Voorhees Hall on the College Avenue Campus is set to screen "Oklahoma Mon Amour," one of the films curated by the Film Festival: New Assemblages in Latin America and the Iberian world. – Photo by Matan Dubnikov

The 2024 Film Festival: New Assemblages in Latin America and the Iberian World is a Rutgers-affiliated event that expresses different Indigenous and Latino cultures through the art of filmmaking. Since February, it has streamed feature-length films, along with occasional in-person screenings.

The Daily Targum sat down with the curator of the festival, Mildred López Escudero, a Ph.D. student in the Spanish and Portuguese department, to talk about diversity in the curation process.

"By incorporating diverse perspectives and experiences, the selected films encourage essential discussions about equality, justice and inclusion," said López. "They allow us to explore our evolving World from various viewpoints, promoting empathy and understanding among diverse audiences."

With an IDEA Grant from the Division of Diversity, Inclusion, and Community Engagement (DICE), the Assemblage not only promises to let viewers hear new voices but gain a new relationship between culture and nature. 

The festival, which is set to run until April 16, features six films which span different genres and regions in Latin America, like Spain and Mexico. 

"We've curated five documentaries and one fictional film based on a real historical event," said López. "These films offer fresh and insightful perspectives on how global issues are perceived and addressed in different parts of the world, providing viewers with a new lens through which to examine their own beliefs and biases."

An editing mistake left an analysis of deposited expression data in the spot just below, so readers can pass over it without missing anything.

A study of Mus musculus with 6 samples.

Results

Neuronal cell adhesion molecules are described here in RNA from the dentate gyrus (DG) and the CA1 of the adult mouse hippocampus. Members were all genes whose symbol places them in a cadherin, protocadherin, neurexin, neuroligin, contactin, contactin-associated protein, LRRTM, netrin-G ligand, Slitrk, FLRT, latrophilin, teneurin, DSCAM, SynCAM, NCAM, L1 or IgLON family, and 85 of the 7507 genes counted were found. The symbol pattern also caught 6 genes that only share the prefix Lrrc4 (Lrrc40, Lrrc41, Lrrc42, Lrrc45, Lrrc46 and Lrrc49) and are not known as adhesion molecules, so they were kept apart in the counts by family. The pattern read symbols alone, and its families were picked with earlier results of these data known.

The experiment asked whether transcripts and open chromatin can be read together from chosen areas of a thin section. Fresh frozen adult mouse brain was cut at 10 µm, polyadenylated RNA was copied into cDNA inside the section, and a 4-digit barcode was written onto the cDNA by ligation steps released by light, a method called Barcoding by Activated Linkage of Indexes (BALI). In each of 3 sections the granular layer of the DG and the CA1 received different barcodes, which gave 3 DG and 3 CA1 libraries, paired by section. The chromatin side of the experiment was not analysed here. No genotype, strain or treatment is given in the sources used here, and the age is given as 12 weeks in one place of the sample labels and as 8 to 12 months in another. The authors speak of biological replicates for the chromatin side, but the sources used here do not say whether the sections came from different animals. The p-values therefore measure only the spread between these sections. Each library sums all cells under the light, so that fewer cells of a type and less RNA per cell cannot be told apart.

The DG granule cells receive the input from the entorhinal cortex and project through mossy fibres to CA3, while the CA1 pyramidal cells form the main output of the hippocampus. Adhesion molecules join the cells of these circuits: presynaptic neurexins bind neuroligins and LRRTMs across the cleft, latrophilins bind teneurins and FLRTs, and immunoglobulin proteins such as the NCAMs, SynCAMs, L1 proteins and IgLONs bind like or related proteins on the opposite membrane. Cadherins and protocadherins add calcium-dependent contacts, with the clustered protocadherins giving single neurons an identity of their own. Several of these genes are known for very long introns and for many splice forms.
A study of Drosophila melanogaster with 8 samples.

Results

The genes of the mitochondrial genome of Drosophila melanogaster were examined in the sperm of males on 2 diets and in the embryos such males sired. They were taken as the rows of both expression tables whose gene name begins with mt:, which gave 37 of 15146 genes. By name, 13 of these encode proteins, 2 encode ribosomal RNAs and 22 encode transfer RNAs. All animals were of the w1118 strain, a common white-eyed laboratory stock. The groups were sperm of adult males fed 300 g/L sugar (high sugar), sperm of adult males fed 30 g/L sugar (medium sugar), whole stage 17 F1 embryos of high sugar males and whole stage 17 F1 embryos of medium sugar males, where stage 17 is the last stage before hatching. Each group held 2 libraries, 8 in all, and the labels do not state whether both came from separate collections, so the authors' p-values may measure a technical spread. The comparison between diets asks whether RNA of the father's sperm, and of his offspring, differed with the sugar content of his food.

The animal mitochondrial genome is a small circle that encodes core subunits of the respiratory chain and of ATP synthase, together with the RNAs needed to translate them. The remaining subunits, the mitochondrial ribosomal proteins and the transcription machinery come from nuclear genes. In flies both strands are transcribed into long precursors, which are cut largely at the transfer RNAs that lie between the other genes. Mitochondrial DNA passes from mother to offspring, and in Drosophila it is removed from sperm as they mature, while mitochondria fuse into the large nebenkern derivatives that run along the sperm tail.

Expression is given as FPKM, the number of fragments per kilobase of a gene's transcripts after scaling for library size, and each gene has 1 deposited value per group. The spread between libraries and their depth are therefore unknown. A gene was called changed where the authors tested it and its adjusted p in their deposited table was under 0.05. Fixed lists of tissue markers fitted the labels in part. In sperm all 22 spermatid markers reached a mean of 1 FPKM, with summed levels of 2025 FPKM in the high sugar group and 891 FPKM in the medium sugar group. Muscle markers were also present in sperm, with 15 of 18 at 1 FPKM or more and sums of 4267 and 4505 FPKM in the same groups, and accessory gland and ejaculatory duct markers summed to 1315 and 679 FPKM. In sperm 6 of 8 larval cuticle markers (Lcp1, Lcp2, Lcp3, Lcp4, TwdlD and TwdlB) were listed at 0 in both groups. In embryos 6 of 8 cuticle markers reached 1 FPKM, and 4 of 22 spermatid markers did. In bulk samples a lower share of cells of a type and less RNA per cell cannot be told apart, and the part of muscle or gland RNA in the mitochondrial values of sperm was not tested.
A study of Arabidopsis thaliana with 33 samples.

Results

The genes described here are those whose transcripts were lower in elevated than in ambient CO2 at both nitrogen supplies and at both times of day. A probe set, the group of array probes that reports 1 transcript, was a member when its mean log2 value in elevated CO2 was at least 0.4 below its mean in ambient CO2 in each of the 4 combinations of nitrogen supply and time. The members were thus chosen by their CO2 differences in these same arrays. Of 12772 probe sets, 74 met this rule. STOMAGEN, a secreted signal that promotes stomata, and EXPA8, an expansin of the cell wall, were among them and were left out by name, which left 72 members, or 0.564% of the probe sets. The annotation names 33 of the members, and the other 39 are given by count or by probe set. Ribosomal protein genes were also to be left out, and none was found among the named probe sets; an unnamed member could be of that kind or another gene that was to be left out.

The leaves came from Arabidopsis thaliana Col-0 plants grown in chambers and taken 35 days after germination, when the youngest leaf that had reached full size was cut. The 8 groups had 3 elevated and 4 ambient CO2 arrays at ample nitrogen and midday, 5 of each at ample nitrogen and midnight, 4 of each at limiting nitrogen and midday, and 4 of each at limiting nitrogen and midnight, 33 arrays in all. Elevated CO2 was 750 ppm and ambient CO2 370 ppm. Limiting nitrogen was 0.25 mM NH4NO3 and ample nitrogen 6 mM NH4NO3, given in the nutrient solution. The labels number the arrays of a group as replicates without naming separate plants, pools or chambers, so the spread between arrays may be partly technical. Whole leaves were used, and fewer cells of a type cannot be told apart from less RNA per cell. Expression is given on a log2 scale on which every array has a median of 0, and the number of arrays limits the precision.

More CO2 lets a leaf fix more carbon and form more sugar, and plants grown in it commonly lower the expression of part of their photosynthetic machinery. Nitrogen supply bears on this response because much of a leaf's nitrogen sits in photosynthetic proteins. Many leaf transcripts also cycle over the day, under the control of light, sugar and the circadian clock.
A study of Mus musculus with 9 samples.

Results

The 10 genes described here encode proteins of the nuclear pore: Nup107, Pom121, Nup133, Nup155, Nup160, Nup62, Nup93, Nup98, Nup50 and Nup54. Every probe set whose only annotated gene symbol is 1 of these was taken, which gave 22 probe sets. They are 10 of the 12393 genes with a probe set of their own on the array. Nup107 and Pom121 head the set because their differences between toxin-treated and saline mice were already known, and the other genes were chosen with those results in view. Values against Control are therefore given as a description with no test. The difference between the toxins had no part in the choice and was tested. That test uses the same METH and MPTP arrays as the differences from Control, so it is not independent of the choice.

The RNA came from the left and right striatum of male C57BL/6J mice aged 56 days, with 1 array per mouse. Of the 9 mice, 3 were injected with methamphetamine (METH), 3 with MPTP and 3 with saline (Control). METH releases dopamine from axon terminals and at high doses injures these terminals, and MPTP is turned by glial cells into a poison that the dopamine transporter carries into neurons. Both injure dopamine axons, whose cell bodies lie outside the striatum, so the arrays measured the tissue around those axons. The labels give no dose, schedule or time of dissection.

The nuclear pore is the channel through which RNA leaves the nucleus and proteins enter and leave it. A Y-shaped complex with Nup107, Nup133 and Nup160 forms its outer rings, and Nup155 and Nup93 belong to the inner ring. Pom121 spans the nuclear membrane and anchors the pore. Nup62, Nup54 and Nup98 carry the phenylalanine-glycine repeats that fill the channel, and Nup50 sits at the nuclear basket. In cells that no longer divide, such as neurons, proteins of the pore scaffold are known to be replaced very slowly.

One of the standouts of the festival, the Colombian feature "Between Fire and Water," is a poignant documentary that explores concepts of identity, past, spirituality and family ties. 

The film, which was available to stream from March 18 to April 1, follows a young Afro-Colombian, Camilo Jojoa, adopted by a Quillasinga Indigenous couple. Feeling unable to fit in, he begins to rebel and search for his biological mother. The film follows Jojoa's journey as he learns to accept himself and his culture. 

Even with these themes underlying the entire film, it still maintains a slice-of-life component — there's many scenes dedicated to Jojoa's adoptive family gardening, planting potatoes and preparing dinner. 

The style feels unobtrusive. It's a slow burn that embraces the beauty of nature, meditation and relationships. In only a few, experimental visual sequences, do directors Anton Wenzel and Viviana Gómez Echeverry ever accentuate the story. This makes the production feel personal — it's rare to see people framed like this in big-budget Hollywood productions.

"When audiences watch movies in languages they're not familiar with, it raises awareness about the existence of diverse people and cultures," said López. "(It connects them) with the world beyond their own experiences."

While it may be daunting for viewers to step outside their comfort zone, López sees it as necessary for enriched understanding.

"It's important to acknowledge the power of cultural tools such as films, which play a critical role in informing, entertaining and sparking healthy debates on various social issues like migration, diversity, youth and the environment," said López. 

The Assemblage is now streaming "Sediments" until April 15. The festival is also hosting an on-campus screening on April 9 for "Oklahoma Mon Amour" at Voorhees Hall on the College Avenue campus, followed by a Q&A with director Carolina Rueda.